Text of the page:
Do you run a small business with on-premises servers?
Chances are, you rely on technology that includes servers, whether they’re Windows- or Linux-based. With that in mind, Microsoft recently announced it’s previewing “server protection for small business” — bundling the offering with Microsoft Defender for Business.
This is noteworthy because until now, most Endpoint Detection and Response (EDR) solutions have been expensive and typically only deployed by larger enterprises. (EDR is an integrated, layered approach to endpoint protection that combines real-time continuous monitoring and endpoint data analytics with rule-based automated response.)
As Microsoft notes in the blog post announcing the move:
“The Microsoft Defender for Business servers experience delivers the same level of protection for both clients and servers within a single admin experience inside of Defender for Business, helping you to protect all your endpoints in one location.”
Currently users can activate a trial for each server through the Microsoft 365 Defender security portal (which also recommends security settings to make your servers more secure). When Microsoft officially releases the product, it will cost $3 per server, per month. If you are a Microsoft 365 for Business customer, you can begin a trial and see what impact deploying it to your servers will have.
There are several ways to onboard servers; you can use local scripts, group policy, or Configuration manager. One of the easiest ways to try out the new offering is to use the script process. First, turn on preview offerings by going to https://security.microsoft.com, go to Settings > Endpoints > General > Advanced features > Preview features. (Here’s a more direct link.)
In the navigation pane, choose Settings > Endpoints, and then under Device management, choose Onboarding. Now select an operating system, such as Windows Server 1803, 2019, and 2022, and in the Deployment method section, choose Local script. Note: for these newer systems, you only need run this script; no other installation steps are required. Simply run the command line as an elevated command. (If you don’t provide the onboarding script with the correct permissions, it will alert you to do so.
For older software such as Windows Server 2012 R2 and 2016, you’ll have two packages to download and run: an installation package and an onboarding package. The installation package specifically contains a file that installs the Defender for Business agent. Once you run the installation file, you run the script as if on one of the newer server platforms. Newer servers (and workstation operating systems) include the code for onboarding defender automatically.
The specific command file to onboard servers is named WindowsDefenderATPLocalOnboardingScript.cmd. Your server should show up in the Defender console, though it’s not instantaneous. It might take a little while to show up.
Now, it’s time to review the recommendations and alerts.
First off, Defender gives you a timeline view of your systems — think of this as a cloud forensic system. You will soon find out that your servers (and for that matter your workstations) are very active objects, constantly sending commands and activity.
For example, in the screen above, “MpCmdRun.exe” is the Microsoft Malware Protection Command Line Utility and it’s performing activities on the server. In the column on the right, it flags the potential security technique being used. Note that in this instance, the activity is not malicious, the console is only keeping track of normal server actions. In this case, it’s identified as a MITRE “credentials from password stores” activity.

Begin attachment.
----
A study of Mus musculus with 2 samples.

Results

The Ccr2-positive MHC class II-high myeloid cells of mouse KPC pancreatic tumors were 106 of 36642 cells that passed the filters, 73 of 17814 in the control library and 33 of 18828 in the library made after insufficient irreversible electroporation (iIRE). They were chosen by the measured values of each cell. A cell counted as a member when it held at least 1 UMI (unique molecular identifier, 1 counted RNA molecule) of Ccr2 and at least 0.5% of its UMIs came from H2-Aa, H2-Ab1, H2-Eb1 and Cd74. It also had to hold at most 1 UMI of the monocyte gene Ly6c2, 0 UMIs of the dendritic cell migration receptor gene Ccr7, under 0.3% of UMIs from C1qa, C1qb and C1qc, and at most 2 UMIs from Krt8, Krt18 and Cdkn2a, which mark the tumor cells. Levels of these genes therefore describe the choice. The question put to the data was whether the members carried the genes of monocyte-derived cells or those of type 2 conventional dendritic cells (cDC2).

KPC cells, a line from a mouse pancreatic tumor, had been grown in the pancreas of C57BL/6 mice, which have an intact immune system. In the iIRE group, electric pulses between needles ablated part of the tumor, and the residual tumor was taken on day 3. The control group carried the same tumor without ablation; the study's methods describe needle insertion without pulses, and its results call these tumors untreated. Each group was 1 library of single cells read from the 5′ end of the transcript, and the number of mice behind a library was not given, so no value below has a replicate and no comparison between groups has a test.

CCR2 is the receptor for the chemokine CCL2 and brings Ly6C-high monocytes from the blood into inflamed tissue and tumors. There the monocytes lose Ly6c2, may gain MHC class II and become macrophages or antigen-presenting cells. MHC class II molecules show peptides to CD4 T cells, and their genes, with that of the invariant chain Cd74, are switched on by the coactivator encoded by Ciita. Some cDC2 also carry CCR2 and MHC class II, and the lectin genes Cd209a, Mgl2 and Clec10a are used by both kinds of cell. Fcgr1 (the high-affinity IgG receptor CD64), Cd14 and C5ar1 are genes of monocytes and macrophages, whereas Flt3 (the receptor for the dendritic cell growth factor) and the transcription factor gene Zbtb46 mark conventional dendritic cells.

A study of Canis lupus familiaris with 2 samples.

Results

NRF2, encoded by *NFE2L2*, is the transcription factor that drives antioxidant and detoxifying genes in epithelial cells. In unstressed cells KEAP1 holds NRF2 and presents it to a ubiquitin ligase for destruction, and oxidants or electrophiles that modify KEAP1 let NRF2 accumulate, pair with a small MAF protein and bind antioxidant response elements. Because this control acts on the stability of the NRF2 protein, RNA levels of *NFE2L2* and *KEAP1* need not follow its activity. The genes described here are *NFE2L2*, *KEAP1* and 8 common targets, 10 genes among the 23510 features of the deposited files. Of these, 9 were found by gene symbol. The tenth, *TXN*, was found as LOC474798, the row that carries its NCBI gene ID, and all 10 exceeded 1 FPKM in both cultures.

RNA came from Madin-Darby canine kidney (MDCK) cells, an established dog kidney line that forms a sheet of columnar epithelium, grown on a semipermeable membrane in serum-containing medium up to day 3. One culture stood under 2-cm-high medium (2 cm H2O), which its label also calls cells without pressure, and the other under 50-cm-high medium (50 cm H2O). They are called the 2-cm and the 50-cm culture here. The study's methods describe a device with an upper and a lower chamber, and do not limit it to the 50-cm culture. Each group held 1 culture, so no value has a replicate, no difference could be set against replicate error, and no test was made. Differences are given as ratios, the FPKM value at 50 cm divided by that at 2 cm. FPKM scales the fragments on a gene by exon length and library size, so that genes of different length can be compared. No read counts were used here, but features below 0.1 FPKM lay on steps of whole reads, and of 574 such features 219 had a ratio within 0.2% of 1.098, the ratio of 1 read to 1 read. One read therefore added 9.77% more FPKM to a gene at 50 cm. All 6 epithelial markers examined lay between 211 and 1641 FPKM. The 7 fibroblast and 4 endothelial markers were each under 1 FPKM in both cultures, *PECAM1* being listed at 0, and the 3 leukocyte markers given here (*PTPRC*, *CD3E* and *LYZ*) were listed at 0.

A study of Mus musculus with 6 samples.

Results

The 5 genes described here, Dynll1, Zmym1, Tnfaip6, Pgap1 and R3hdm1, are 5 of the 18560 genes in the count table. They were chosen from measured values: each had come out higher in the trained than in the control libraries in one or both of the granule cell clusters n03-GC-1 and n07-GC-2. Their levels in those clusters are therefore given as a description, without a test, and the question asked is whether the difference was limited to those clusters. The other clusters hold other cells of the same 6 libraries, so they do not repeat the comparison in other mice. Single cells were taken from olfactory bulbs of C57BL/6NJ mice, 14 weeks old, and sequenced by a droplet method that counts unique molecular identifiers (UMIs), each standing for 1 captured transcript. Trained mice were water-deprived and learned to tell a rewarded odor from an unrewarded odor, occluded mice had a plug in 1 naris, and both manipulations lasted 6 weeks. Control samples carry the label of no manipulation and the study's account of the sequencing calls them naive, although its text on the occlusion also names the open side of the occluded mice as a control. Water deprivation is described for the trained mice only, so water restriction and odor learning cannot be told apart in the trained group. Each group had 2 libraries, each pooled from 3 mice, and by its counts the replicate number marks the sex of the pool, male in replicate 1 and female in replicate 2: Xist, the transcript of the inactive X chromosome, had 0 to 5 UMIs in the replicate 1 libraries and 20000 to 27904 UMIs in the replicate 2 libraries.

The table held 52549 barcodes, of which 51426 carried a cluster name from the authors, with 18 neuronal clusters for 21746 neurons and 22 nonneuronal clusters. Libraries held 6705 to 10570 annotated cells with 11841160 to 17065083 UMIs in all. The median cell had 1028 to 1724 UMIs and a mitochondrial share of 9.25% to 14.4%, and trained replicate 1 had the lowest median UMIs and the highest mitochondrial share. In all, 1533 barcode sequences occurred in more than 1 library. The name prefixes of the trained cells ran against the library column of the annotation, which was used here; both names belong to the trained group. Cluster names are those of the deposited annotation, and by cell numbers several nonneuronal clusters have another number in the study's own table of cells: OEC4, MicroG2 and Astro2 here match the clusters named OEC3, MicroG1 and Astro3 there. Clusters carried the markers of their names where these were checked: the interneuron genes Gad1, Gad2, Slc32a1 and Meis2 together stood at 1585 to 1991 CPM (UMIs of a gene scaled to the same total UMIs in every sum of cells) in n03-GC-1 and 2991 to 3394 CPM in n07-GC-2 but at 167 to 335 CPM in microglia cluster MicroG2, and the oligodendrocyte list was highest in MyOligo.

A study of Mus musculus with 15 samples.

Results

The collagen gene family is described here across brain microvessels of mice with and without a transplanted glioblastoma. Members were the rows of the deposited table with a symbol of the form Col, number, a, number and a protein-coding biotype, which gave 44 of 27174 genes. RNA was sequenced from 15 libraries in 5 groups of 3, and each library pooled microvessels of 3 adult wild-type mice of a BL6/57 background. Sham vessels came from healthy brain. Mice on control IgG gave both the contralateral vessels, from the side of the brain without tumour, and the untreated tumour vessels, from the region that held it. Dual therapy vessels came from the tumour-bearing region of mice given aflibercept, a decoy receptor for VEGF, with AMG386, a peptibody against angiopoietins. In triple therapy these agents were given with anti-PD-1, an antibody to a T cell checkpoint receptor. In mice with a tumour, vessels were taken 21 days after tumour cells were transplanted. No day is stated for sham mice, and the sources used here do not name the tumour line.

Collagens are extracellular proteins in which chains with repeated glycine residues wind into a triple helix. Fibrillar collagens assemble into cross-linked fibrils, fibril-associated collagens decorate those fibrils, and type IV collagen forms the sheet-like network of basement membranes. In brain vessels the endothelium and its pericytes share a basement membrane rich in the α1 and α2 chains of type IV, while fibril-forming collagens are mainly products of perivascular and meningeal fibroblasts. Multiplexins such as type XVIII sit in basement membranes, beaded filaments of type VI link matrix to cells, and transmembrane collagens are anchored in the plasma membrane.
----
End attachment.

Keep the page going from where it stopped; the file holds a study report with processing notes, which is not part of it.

Next, in the security recommendations section, you’ll see suggested adjustments you can use to better secure your small-business servers.
Many of these recommendations have to do with Attack Surface Reduction rules that we often forget to enable on server installations.
Linux servers can also be onboarded to the Defender for Servers console, though it’s unclear to me whether Linux-based Network attached storage units would be fully supported. Reach out to your NAS vendors to determine whether they will support the use of Defender for Servers on your Linux devices. To onboard a Linux device to your console, you’ll follow similar installation procedures. You can use a manual deployment script or Puppet, Ansible, or Chef configuration management tools.
Supported Linux server distributions include:
- Red Hat Enterprise Linux 6.7 or higher (Preview).
- Red Hat Enterprise Linux 7.2 or higher.
- Red Hat Enterprise Linux 8.x.
- CentOS 6.7 or higher (Preview).
- CentOS 7.2 or higher.
- Ubuntu 16.04 LTS or higher LTS.
- Debian 9 or higher.
- SUSE Linux Enterprise Server 12 or higher.
- Oracle Linux 7.2 or higher.
- Oracle Linux 8.x.
- Amazon Linux 2.
- Fedora 33 or higher.
Be aware that that list does not include specific Linux distributions I often see in small business. For example, I routinely see NAS devices such as Synology in small businesses, and I’m not sure whether these will be supported by Defender for Servers. (I’ll be giving Microsoft feedback that it needs to add these style of NAS devices to the support matrix.)
Also unclear at this time is the exact licensing structure required to use Defender for Servers. Currently, Defender for Endpoint for Server licensing mandates a certain minimum number of users (50). It’s unclear what number of Microsoft Defender for Business licenses can be owned to qualify for Defender for Servers or whether a minimum number of licenses is needed. We’ll have to wait until the product is officially released to know how the licensing works.
Bottom line: if you run a small business, I urge you to take a look at Defender for Servers. It will bring additional protection to your small-business network.